Unless West Virginia state government ends the fiscal year on June 30 with $65 million in the bank, the fiscal 2013 budget approved by legislators this spring won't be worth the paper on which its line items are listed.
As has been predicted, such a dire situation is a distinct and troubling possibility.
State officials had expected a $100 million surplus at the end of the fiscal year. That is, they believed revenue for the year would exceed expenses by that amount.
So confident - or was it wishful thinking? - were they that legislators agreed to use $65 million of the surplus to fund the Medicaid program next year. Without that $65 million, the program helping tens of thousands of poor and disabled West Virginians with health care will not make it through fiscal 2013.
For several months during the year, it appeared the $100 million target would be hit with ease. Then, a few months ago, revenue began to lag. By the end of April, with only two months left in the fiscal year, the cumulative surplus was just $47 million. To hit the $100 million surplus, revenue for May and June will have to exceed original projections by $53 million.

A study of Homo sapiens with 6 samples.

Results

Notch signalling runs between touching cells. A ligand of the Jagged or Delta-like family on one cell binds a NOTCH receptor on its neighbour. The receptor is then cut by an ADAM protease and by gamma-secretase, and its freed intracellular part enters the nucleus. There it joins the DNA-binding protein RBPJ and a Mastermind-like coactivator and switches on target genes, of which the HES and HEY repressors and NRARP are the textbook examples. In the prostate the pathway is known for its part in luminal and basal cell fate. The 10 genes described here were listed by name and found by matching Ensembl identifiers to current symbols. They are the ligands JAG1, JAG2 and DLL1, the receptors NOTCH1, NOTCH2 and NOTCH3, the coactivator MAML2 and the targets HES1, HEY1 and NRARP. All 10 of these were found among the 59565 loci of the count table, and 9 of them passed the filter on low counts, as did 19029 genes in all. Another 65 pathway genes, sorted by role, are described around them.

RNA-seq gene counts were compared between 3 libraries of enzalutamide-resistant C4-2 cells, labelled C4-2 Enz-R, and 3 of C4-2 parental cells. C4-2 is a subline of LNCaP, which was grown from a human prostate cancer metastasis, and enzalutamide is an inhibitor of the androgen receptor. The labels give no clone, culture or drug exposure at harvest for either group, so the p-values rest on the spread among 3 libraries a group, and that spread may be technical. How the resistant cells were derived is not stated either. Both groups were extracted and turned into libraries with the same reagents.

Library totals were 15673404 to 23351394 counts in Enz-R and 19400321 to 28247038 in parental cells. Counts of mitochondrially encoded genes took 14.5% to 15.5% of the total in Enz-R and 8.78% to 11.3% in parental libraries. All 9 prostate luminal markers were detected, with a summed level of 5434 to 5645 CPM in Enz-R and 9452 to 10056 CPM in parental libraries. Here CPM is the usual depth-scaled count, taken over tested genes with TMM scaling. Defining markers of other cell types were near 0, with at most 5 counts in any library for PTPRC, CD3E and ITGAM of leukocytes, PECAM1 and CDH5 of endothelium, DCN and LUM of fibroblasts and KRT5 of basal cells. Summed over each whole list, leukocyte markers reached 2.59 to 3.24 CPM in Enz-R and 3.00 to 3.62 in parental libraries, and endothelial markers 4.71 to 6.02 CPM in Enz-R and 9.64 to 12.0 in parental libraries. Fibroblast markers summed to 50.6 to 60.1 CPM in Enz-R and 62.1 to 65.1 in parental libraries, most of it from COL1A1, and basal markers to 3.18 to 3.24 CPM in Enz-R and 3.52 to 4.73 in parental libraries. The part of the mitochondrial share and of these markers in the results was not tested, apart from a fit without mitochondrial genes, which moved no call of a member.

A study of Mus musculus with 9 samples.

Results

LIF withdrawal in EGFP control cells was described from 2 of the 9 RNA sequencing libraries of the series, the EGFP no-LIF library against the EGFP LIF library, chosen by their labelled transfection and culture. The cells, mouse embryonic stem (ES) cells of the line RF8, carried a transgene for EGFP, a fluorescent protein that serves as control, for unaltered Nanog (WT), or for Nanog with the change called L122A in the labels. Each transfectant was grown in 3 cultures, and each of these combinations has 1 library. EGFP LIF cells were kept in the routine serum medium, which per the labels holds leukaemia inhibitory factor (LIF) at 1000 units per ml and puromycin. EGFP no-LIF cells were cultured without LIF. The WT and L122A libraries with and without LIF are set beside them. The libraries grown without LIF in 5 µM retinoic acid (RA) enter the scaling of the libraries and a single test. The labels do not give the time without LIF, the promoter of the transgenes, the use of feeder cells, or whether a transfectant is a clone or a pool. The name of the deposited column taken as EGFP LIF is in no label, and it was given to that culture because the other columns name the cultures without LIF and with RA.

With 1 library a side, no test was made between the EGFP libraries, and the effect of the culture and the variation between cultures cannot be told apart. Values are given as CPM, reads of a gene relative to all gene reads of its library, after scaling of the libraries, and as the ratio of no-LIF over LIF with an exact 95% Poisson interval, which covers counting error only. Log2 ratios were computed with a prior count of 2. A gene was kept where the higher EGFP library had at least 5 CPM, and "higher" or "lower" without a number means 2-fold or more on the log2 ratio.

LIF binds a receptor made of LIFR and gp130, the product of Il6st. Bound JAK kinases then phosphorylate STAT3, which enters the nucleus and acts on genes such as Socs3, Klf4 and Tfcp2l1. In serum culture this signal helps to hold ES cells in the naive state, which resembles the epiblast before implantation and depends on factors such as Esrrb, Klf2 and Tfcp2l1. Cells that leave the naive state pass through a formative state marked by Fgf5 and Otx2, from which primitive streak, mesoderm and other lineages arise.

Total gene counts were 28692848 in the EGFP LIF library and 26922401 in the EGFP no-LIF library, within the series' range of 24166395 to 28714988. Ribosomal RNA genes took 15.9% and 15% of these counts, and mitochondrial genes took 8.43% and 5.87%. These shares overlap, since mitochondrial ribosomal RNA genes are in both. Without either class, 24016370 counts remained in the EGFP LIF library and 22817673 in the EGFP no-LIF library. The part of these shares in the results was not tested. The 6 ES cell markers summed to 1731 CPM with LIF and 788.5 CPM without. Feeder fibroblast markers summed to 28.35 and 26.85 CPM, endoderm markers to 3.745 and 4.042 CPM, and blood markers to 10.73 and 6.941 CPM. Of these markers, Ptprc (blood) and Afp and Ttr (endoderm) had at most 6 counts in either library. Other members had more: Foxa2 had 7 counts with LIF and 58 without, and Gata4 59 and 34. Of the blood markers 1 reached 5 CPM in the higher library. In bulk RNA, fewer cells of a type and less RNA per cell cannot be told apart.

At least $18 million more will be needed merely to cover the Medicaid budget for fiscal 2013.
Through executive branch planners say they remain confident the $100 million surplus will materialize, some in the Legislature are not so certain. The chairmen of both the state Senate and House of Delegates finance committees cite lagging coal severance tax revenues as a key reason for concern.
Within a few days, when revenue figures for this month become available, the outlook should be clearer. It would be nice to have confidence the executive branch budget experts - who in the past have achieved an admirable record for both realism and accuracy - are right.
If they are not, however, Gov. Earl Ray Tomblin should begin thinking about a special legislative session, perhaps for this summer.
Headlines about lawmakers grappling with budget shortfalls probably are the last thing Tomblin and most legislators want just weeks before an election, but the needs of the state must come first.
And if a long-term revenue decline is brewing, action to adjust spending will have to be planned and taken soon.